Sometimes, certain situations require that you relocate abroad. In cases such as these, it is possible to have some unfinished business left behind. One of these is easily debt, especially in this day and age where we all use credit cards.
Apart from credit card debts, debts such as those owed to financial institutions also fall under this category. Moving abroad and leaving your debt behind doesn’t mean that it would just up and disappear just like that.
Depending on how much you owe and who you owe this debt to, there are a variety of options for them to explore in order to get their money back. So, if you’re wondering what would happen to your debt, the answer is simple.
Nothing would happen, you still have an obligation to pay up. And if yours is the type that accrues interest, well, you know that you would be paying back with some extra. This is because leaving the country doesn’t render your contract with your creditor void.
If your creditors are unable to get the money because you have relocated, they can place a marker on your account or get a judgment. This would make it a great deal harder to open new bank accounts locally or preserve the credit lines that you already got on your existing accounts.
Apart from this, here are some other direct consequences:
Difficulty in Your Transition Abroad
If you fail to pay your debt, your case would be reported to the Equifax and TransUnion bureaus, resulting in a direct effect on your credit.
While this impact may not be greatly felt outside of a country like Canada, having a low credit score can result in certain limitations being placed on your credit options in the new country.
Such limitations would only be taken away after you have proven that you’ve got a source of steady income.
In addition, if you end up not being able to make use of your local cards in the country you moved to, you may experience difficulty making a full transition and then settling down.
If your creditors already file a lawsuit and served you papers before you left the country, then the lawsuit would remain even in your absence.
The lawsuit would possibly continue and if your creditors win the lawsuit, they can be given the power to take over any asset(s) that you left behind.
However, if you left before the lawsuit was filed, then your creditors would have to bring the lawsuit into your new country of residence.
This implies that they would have to follow all the rules and procedures of your new country of residence as well as hire a counsel in that area.
The process is generally stressful for creditors, especially if they cannot track you down.
Now, assuming that your creditors do not even bother to track you down, and you are looking to settle down in the new country. There are some other pitfalls that you may face as well.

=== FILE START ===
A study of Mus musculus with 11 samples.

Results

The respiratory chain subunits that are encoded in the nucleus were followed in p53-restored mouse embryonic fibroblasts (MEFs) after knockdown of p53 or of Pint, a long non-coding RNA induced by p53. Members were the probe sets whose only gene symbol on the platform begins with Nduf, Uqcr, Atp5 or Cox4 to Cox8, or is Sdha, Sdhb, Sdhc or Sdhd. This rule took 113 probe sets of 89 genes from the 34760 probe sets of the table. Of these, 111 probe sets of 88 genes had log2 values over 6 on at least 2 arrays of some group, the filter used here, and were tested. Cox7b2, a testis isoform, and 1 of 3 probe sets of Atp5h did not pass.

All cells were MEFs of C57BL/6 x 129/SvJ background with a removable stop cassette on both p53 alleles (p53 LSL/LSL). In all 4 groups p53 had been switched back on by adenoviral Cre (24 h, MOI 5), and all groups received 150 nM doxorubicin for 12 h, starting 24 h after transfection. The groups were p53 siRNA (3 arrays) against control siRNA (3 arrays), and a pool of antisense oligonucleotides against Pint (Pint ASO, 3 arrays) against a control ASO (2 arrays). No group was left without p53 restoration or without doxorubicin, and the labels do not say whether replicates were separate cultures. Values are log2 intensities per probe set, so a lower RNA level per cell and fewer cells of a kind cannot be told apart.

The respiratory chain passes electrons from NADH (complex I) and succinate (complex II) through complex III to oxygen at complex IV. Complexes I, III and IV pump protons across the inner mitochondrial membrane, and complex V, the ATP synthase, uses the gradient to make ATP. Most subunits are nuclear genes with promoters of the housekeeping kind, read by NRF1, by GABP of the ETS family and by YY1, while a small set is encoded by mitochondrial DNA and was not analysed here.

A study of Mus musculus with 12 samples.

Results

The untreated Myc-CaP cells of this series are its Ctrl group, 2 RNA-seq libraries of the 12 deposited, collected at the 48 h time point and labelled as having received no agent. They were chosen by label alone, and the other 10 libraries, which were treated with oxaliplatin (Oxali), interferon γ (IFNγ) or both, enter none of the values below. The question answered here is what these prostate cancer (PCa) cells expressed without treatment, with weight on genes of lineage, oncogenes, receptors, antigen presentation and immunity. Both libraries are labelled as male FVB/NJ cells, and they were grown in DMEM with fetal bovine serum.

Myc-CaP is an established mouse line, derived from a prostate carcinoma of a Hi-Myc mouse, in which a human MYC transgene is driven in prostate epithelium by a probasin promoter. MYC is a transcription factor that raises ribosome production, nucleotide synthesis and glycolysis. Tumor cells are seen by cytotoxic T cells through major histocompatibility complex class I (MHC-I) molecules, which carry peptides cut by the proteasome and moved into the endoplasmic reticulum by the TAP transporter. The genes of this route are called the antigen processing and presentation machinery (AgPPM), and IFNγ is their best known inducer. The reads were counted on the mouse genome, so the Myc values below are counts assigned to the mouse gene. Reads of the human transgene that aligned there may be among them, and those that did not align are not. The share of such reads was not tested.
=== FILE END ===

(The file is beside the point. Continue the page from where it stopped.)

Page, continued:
You Need to Have a Significant Amount of Cash at Hand
Moving to a foreign country basically implies uprooting your entire life and going to replant it elsewhere. So, it goes beyond just purchasing a plane ticket packing a bag.
Why? Because there are certain expenses that you would definitely incur. First is a place to stay. If you intend to stay for long in the country, you would need housing in order to secure residency.
The two main methods of setting roots or getting residency in a foreign country typically require cash, income or even both.
The first method involves proving that you’ve got a steady and reliable monthly income source. This implies that you need to prove that you earn enough monthly income that meets the standard of minimum income for that country.
The other method is via making a significant investment in the country. This is literally buying your way with a significant investment in real estate or business to get residency.
For instance, in a country such as Colombia, a small investment of $30,000 is enough to get residency. However, here lies the obvious problem. If you’re neck-deep in debt, you may not have such cash just simply lying around.
Therefore, this might not work for you either.
You May Need to Conduct a Cash Only Policy
When cash starts to get tight, it’s almost second nature to fall back to your credit cards. However, if you’re going to survive abroad without credit cards, you’re going to need to become a better manager of your finances.
The process of getting a credit card in other countries outside of the U.S can be a whole lot tougher than the process is in the U.S. Lenders are usually a lot warier about extending credit whether it is an auto loan or mortgage or even a credit card.
Also, the limits are progressively lower and building a credit card history in other countries can be a very tasking process.
How to Get Out of Local Debt While Abroad
Learning how to get out of debt is a lesson that you need to learn if you are owing. This is simply because the debt isn’t going anywhere. So, one way or the other, you would still have to clear it all up.
One practical way of paying your debt back when abroad involves certain strategic decisions. First off, choose a country with a relatively low cost of living and become an expat there.
Work, and then channel your earnings into paying your debt. This is especially suitable if you’ve got a job or a business that you can run from any part of the world. Therefore, you can live on a modest income and pay your debt back in no time.